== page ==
Nathaniel Cannon and the Panamanian Idol No. 55

In one smooth motion, Cannon kicked Kopeikin’s pistol out the hatch and picked up his belt. The pistol skipped off the decking, clanked against one of the railing’s poles, and fell into the growing gloom below.

Cannon dashed behind the engine, slipped his Mauser into its holster, and looped the belt over the line. From the sound of the footsteps, the Russians were right behind him. As he jumped, the tails of his jacket slipped through Kopeikin’s grasping fingers.


“But why’d you have to go and throw a crate at me?” Emma said, punctuating the question with a finger in Iseabail’s face.

“If’n ye’d just—”

Emma threw her hands up. “First I have to come in before I even get to take a shot at the Reds.” Out the cargo door, perhaps a mile distant, a fireball blossomed near the surface of the sea. Moments later, a pillar of spray shot skyward. “See? I could have had that kill!”

“Let me explain—”

Emma shushed Iseabail. “And another thing—”

“It’s the cap’n!” Iseabail said.

Indeed it was. His jacket billowing behind him, Cannon swung side-to-side along the makeshift zipline, a dark spot against the silver flank of the zeppelin and the wall of cloud, now fading to purple in the twilight. Behind Cannon, a Russian gunman pointed a machine pistol out the engine car’s window and opened up. Bullets pinged off of the Albatross’s skin. Emma grabbed a rifle from a rack on the wall, worked the bolt, and took aim. Cannon, still sliding along the zipline, twisted out of the way as she fired.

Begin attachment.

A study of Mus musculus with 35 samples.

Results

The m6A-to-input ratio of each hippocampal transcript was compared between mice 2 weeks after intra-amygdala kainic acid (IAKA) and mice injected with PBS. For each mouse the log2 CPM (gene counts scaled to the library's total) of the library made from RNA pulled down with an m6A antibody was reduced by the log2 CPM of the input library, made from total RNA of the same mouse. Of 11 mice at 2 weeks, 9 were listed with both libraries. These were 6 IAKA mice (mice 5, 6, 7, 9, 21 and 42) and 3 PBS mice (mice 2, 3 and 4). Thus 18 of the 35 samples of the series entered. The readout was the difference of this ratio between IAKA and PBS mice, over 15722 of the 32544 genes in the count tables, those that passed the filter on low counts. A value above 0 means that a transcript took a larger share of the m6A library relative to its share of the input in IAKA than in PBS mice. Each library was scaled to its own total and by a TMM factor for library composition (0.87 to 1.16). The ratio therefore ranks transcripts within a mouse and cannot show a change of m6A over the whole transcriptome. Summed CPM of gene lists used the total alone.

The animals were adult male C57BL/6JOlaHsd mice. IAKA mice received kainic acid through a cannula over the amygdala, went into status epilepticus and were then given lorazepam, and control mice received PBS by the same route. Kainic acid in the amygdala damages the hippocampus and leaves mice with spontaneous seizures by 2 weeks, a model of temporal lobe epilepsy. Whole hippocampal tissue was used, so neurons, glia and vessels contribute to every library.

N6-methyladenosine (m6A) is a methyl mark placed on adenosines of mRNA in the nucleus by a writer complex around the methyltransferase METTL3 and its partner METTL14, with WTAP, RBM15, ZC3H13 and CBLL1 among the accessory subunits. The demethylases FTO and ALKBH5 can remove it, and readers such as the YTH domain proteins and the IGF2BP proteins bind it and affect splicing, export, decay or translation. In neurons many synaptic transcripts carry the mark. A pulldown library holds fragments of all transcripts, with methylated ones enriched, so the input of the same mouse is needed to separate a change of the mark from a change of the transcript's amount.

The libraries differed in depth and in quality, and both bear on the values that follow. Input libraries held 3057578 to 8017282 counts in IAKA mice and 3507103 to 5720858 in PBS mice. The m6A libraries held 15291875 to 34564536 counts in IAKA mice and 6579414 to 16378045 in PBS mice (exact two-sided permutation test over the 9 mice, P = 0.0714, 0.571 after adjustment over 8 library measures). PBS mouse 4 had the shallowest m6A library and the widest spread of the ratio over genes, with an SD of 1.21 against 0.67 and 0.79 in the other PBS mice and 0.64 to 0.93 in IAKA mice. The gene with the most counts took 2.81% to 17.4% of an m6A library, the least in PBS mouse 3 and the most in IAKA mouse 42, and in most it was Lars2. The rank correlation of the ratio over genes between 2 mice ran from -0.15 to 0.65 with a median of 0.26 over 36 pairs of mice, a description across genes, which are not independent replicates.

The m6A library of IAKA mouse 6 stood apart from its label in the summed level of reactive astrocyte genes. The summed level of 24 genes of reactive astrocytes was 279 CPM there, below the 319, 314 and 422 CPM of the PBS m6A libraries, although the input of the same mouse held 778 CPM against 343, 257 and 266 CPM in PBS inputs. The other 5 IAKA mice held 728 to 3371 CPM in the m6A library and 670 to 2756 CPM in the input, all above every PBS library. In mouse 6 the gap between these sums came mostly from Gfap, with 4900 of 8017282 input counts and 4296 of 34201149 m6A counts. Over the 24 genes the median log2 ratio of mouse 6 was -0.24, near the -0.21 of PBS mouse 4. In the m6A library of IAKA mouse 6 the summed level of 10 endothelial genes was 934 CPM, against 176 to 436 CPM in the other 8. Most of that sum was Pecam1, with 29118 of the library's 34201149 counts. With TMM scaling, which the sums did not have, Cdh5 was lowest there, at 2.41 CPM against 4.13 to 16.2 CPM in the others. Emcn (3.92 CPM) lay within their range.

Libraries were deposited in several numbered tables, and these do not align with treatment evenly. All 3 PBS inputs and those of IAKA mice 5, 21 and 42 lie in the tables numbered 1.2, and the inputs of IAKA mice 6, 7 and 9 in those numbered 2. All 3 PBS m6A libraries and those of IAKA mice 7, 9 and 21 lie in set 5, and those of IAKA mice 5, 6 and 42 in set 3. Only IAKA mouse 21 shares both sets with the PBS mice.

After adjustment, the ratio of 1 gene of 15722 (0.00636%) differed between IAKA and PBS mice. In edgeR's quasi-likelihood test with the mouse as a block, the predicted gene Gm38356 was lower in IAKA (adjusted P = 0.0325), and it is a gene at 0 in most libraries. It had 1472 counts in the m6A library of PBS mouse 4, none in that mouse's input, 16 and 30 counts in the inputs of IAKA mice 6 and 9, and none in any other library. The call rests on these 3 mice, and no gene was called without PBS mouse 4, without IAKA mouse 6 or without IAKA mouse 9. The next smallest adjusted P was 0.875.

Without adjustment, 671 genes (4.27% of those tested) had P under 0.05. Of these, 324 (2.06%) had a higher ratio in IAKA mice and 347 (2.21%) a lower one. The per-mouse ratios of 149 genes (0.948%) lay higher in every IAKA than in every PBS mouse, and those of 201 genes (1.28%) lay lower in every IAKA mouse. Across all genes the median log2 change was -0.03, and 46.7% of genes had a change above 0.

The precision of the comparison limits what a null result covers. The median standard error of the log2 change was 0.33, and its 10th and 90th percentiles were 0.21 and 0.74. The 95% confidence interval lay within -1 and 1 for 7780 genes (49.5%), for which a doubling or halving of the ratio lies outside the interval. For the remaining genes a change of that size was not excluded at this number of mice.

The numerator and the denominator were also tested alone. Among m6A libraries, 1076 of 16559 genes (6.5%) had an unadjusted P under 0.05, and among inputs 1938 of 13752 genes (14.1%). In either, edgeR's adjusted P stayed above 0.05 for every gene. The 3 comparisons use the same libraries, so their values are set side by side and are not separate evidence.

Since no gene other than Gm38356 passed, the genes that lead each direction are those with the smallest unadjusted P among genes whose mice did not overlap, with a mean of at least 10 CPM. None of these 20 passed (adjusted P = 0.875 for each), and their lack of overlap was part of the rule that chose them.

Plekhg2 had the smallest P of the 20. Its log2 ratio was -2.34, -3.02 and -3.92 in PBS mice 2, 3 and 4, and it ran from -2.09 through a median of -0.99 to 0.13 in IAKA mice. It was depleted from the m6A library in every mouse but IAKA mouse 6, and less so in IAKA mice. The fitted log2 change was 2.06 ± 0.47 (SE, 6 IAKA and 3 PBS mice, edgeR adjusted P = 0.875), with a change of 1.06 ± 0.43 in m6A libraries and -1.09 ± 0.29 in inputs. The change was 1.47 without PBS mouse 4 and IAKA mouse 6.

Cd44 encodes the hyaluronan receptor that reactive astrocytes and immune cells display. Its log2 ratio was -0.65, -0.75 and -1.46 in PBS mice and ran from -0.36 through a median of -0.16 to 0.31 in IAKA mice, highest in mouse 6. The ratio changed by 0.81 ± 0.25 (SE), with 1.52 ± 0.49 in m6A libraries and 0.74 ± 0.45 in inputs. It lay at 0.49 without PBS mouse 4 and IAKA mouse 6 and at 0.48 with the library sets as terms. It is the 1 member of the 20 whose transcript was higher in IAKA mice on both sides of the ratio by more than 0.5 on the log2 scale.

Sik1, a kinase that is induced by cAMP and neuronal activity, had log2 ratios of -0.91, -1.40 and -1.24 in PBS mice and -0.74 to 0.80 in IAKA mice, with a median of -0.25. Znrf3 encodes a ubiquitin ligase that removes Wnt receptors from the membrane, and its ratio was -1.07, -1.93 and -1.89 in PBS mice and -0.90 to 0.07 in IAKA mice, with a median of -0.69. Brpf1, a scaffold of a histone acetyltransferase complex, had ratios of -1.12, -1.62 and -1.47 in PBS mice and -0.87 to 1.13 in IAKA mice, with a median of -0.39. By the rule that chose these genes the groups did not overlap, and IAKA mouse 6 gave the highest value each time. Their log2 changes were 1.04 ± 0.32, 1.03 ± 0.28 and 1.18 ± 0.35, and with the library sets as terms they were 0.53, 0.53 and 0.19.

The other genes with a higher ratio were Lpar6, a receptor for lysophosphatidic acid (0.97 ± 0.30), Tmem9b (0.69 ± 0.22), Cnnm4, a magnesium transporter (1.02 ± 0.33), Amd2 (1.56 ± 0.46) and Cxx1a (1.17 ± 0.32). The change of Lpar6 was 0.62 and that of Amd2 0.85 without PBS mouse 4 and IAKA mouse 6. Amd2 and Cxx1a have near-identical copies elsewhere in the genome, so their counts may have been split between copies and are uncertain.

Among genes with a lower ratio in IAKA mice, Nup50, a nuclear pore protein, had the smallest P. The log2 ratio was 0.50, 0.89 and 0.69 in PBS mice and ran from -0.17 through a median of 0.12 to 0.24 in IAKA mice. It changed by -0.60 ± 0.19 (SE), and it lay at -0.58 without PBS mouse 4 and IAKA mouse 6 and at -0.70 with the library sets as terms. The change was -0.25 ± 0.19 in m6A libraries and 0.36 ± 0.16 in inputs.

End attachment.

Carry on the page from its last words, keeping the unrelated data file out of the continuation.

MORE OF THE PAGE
Cannon swung his feet up and threw himself in through the cargo door, sliding across the deck and slamming into the fuselage’s opposite wall. Iseabail cut the zipline. As it slithered out of the plane, she rolled the cargo door closed.

Cannon sat up, wincing. Emma reverentially placed the rifle back in the rack, turned to Cannon, and slapped him. “That’s for throwing the crate at me,” she explained, helpfully.

Cannon rubbed at his cheek. “Did you see what’s in it?”

“I don’t see how that matters, skipper.”

He gave her a quizzical look. “We went aboard that zep to steal treasure. What did you think we brought back? Books? A year’s supply of onions?”

Emma’s mouth made an ‘ah’ shape. “How much?” she asked meekly.

“Whatever it comes to, a half share for you.” Cannon reached out toward her, grabbed her headset microphone, and twisted it so that he could speak into it. “We’re aboard. Take us home.”